I want to start with the first contention and maybe get to the others later.
I understand that the Catholic church teaches that Scripture can be interpreted in either a literal sense or one of three non-literal, spiritual senses (allegorical, moral, or anagogical).
The problem comes when a tricky passage of Scripture is pointed out non-believers will also be told that “Catholics don’t read the Bible literally”, but won’t go further in explaining that position. It’s as if stating that it’s not literal is a magic salve that clears up any and all uncomfortable scripture.
If a passage is not literal, the next steps would be:
A. Show why the passage should be interpreted in a non-literal sense.
It’s not enough to just claim a passage is not literal, there must be a reason to opt for that over a literal interpretation. It can be frustrating for non-believers when seemingly the only reason for such an interpretation is because it casts the God of the Bible in an unflattering light.
B. State whether non-literal passages can intersperse with literal passages, and if so how and when we can tell which is which.
I was discussing Exodus 21:20-21 and Leviticus 25:44-46 (where God is quoted as saying slaves are property) with someone a few months back and the person stated the passages were not to be taken literally. The problem is that both passages are in the middle of other passages that are to be taken literally. For example the end of Exodus 20 through the beginning of Exodus 24 is a long quote from God containing literal rules to follow, including the Ten Commandments. Yet for those people who state Exodus 21:20-21 (which I understand is only some Christians) they have to explain why a non-literal interpretation is smack dab in the middle of God giving a list of laws.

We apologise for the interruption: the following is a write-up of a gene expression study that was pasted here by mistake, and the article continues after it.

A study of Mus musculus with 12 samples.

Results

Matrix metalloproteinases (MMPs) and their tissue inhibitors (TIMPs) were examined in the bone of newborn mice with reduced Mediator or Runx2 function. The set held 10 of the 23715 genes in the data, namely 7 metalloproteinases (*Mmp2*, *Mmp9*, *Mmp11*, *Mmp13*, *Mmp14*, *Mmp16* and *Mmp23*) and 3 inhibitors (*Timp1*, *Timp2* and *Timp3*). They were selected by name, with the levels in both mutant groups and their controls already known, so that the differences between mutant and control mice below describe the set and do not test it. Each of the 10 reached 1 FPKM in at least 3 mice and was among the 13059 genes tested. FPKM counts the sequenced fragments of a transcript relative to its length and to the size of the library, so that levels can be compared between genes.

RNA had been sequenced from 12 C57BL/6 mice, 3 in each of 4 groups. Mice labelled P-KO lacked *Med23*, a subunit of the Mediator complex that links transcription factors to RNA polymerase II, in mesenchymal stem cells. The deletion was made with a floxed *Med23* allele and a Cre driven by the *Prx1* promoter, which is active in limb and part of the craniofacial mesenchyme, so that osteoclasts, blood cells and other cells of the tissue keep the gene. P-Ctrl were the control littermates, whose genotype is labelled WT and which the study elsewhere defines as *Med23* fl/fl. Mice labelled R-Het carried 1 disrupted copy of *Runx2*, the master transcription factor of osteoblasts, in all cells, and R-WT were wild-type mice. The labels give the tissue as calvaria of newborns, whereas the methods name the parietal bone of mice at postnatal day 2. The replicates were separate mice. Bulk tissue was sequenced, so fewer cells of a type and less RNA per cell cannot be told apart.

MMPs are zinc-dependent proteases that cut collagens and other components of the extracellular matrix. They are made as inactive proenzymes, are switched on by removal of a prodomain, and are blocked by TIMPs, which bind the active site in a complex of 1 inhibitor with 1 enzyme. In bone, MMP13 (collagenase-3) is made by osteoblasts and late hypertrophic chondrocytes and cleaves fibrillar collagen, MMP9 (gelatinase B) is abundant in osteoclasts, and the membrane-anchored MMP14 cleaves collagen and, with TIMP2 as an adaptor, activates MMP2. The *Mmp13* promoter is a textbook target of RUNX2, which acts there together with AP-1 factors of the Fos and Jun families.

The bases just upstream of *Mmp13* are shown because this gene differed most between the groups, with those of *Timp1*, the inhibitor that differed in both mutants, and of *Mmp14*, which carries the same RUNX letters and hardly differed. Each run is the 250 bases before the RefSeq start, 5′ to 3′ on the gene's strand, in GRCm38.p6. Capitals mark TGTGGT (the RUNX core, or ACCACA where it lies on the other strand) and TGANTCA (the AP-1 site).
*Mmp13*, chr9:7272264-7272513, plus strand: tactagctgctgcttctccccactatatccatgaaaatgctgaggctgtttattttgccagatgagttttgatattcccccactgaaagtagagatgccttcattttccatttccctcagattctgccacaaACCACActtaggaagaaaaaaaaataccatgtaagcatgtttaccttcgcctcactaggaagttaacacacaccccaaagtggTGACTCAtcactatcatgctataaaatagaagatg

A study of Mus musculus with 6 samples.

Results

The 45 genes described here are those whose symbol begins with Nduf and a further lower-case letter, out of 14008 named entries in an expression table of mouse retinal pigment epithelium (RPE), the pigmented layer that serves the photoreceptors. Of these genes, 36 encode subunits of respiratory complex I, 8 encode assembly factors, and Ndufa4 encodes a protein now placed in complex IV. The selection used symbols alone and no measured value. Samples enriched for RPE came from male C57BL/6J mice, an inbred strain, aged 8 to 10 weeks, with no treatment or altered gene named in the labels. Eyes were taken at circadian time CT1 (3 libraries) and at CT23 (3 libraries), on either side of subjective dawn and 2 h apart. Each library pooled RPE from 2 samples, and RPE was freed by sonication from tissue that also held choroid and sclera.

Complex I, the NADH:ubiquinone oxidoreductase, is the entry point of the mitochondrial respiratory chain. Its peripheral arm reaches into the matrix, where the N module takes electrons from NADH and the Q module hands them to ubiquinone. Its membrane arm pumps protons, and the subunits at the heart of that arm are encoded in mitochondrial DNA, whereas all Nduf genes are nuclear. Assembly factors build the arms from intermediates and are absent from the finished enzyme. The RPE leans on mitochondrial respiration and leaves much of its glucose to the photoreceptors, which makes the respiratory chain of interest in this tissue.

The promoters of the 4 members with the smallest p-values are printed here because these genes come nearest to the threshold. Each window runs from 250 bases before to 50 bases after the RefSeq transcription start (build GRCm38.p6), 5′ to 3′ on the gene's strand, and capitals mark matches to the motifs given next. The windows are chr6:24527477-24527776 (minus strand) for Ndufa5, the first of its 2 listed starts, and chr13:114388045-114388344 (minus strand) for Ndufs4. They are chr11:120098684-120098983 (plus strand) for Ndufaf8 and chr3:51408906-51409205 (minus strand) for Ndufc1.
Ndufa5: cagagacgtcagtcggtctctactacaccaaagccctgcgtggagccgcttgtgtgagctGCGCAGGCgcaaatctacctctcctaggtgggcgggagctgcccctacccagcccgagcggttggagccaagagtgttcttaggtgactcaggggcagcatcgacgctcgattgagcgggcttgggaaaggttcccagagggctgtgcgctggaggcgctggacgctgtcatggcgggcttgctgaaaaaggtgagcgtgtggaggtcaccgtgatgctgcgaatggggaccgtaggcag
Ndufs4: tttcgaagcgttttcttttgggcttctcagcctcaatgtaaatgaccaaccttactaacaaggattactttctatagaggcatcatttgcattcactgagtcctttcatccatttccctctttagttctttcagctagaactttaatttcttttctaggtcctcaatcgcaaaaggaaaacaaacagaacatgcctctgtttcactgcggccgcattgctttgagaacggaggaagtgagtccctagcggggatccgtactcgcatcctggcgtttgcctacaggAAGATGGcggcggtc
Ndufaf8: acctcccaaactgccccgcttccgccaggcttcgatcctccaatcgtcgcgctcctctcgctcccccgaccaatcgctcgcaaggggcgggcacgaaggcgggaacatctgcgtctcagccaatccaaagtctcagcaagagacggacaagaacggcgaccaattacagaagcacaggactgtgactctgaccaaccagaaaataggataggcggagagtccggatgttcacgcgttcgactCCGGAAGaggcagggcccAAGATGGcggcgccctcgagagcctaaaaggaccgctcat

C. Determine whether a quote from God can be non-literal. If God the Father or Jesus is quoted as saying something in the Bible, can we say that he literally said it. I’m not talking about whether what is said is a parable or something like that, but if those words (translated from the original language) is an accurate representation of what was said. The Bible writers are often said to have been guided by the Holy Spirit, so I would hope that he would not allow for misquotes or inaccurate paraphrasing.
D. Showing that if a passage is non-literal in nature that it doesn’t show God as being reprehensible. So God says or does something that atheists find objectionable. Catholics state that the passage detail what was said or done is not literal. If the figurative reading of that passage still shows God as being objectionable then it is imperative that the believer demonstrate a different reading or why that reading is not objectionable. Again, solely stating that a passage is not literal is quite insufficient.
E. Determine which non-literal interpretation is to be used and why. Let’s take Matthew 24:29. It’s a list of signs that all the world will see when Jesus returns. Matthew 24:34 says that it will happen within the generation of the people Jesus was speaking to. Now I think it’s safe to say this is not literal. The stars did not fall from the sky. My understanding is that Catholic Church believes in a form of preterism. There are several forms and some are in conflict with each other. There are also those who use futurism to interpret these passages (think the “Left Behind” folks). In short, when speaking to atheists about those passages which have multiple non-literal interpretations it’s vital that the believer explains why we should go with one such interpretation over all of the others.
I’m sure I’m missing more points as to what some atheists see are issues when we are told parts of the Bible are not literal. If I think of any others I’ll post them as well.